A big band is not a democracy. If it is run like one, chaos will ensue. If everyone feels they can "lead" the band, there will be no direction, too many suggestions and no consensus. It will be like the family getting together at Thanksgiving and every uncle vying for attention. I see this far too often. The big band has a hierarchy and it works well. It is a little looser than the symphony but it works like this. The band leader is just that, the leader. He/she has ultimate control of all decisions and has veto power. During performance, everyone listens to the high-hat (or ride), tunes down to the bass and listens up to the lead trumpet for style. On a micro level, each section follows the style of the section leader (1st trumpet, 1st alto, 1st trombone). When there is a break in the action, these section leaders address the players in the section on issues of intonation, rhythm, style etc. I will reiterate. Far too often, you have players trying to "lead" for the 2nd trombone chair, 3rd trumpet chair etc. by playing too loud, using vibrato, playing a different rhythm, etc. This can not be. In Toronto, you can throw a stone and hit a rehearsal band. I have played in most. The ones that stand out are the ones that follow the hierarchy.
As I write more and more music, I get a little touchy when musicians second guess the composer's instructions. "Oh, he/she did not really want the band to go from piano to forte. That would sound ridiculous." Well, generally, composers/arrangers put great thought into their writing and we should give them a little credit. On the flip side, once you have an arrangement, you are free to interpret the music any way you like. But please, do not tell me that you can get inside the composer's head, unless you have experience performing the music with him/her personally.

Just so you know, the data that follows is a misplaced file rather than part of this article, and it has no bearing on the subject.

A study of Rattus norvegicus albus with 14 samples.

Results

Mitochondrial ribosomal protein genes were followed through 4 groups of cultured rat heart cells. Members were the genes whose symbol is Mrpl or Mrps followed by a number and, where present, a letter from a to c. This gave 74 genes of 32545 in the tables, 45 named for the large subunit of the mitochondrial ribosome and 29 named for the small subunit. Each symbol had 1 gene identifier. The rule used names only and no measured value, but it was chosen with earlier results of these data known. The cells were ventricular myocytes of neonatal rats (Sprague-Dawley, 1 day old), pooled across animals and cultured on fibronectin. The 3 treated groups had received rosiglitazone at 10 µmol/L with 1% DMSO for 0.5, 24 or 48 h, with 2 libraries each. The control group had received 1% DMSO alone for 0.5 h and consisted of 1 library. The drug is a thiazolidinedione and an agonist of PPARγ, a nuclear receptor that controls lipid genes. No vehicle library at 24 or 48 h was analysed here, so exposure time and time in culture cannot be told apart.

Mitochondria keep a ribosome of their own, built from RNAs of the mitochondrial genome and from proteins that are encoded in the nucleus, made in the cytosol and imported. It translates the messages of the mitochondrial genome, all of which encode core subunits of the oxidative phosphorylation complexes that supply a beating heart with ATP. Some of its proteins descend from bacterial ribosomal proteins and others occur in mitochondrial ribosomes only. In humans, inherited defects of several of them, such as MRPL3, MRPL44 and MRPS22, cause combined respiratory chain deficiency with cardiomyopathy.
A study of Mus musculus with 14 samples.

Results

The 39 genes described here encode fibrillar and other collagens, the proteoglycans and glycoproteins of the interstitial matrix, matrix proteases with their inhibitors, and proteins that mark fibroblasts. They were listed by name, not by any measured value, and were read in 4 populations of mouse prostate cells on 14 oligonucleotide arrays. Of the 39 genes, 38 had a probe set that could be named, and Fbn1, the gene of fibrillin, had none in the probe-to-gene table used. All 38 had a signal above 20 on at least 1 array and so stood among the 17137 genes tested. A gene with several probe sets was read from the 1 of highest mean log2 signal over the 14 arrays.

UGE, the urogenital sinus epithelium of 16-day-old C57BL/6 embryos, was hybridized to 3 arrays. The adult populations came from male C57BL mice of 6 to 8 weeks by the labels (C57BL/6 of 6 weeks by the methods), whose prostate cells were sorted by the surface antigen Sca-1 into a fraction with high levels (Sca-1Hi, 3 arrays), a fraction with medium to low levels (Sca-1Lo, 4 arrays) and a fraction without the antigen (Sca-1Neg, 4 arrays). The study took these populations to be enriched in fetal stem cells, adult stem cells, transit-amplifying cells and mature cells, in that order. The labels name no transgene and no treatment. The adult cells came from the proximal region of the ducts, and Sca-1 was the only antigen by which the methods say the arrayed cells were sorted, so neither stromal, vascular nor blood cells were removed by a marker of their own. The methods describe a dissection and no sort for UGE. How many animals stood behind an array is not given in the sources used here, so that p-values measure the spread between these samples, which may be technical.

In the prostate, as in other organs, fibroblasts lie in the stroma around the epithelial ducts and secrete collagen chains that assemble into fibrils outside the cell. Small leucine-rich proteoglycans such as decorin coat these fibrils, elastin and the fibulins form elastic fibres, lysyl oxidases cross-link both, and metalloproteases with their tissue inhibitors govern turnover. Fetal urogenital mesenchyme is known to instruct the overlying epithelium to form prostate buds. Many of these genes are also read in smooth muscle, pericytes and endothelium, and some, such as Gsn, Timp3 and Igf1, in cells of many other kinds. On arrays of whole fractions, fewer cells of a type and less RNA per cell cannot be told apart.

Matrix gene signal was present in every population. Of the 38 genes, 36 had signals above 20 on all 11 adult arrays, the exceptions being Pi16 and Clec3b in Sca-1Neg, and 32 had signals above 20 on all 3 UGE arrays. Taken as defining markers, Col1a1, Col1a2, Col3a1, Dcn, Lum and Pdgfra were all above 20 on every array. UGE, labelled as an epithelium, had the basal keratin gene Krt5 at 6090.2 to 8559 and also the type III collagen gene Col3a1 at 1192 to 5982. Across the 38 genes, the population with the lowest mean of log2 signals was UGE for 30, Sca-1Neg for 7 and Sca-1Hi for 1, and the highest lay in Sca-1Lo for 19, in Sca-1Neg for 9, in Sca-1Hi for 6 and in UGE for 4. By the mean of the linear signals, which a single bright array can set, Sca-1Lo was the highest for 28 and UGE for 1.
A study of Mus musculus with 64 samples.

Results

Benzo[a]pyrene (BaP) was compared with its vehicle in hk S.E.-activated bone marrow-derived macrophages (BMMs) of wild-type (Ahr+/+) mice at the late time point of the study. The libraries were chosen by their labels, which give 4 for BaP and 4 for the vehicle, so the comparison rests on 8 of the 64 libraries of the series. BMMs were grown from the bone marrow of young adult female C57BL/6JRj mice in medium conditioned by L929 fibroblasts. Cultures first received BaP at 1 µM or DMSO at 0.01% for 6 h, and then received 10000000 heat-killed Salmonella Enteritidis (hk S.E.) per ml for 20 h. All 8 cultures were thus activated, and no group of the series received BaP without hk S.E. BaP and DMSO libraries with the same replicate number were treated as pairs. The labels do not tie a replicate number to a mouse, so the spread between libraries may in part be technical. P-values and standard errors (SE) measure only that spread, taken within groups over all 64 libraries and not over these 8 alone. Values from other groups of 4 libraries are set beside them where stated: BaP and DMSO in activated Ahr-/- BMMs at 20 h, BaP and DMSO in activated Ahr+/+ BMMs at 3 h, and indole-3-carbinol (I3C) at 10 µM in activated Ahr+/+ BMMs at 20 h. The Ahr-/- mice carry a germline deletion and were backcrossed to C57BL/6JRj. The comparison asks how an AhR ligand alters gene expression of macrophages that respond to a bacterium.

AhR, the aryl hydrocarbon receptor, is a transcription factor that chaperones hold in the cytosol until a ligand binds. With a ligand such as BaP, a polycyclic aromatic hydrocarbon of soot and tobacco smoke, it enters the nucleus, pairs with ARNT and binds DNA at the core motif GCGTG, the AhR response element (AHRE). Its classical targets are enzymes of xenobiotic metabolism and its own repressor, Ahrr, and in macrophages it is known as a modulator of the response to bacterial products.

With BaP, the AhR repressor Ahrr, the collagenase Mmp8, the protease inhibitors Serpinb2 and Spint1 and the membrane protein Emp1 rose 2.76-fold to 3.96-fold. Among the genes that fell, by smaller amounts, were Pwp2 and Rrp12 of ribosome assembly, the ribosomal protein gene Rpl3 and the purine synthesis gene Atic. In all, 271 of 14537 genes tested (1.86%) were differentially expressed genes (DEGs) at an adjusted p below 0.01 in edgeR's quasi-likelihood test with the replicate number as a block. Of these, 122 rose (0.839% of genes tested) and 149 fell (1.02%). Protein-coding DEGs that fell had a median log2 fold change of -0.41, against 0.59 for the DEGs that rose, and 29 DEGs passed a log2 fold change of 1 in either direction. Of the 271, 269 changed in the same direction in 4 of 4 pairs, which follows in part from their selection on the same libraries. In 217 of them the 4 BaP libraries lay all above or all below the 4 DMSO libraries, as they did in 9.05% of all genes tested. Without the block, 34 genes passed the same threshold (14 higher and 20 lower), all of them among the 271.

I am not sure what the secret is to keeping your sole focus on the music but it is an essential skill to have as an artist. My big band can sound professional, I mean, one of the best at times. At other times, it can sound like symphonic musicians warming up . . . on jazz. Being able to focus for prolonged periods of time is a skill that is nurtured over time, I think. Part of that skill is letting go of, or forgetting about, your mistakes immediately, and keeping your mind in the present. I heard a golf coach say that you have to "bury" the last shot; it's dead, gone and in the past. Whatever the analogy or Jedi mind trick, you must be able to focus on the music at hand and block out other stimuli to play at the highest level.
My career is starting to take shape. As much as I beat myself up, I have to step back once and a while and be objective. The evidence is there: getting calls to perform, requests to arrange, interviews, and job offers (part-time educational positions here-and-there). I will write this so that I can reference it later when I get a little dark. :)
Dr. Michael Kearns
Musician, educator, husband, father, web designer ... my life is like a mosaic with each piece vying for my attention.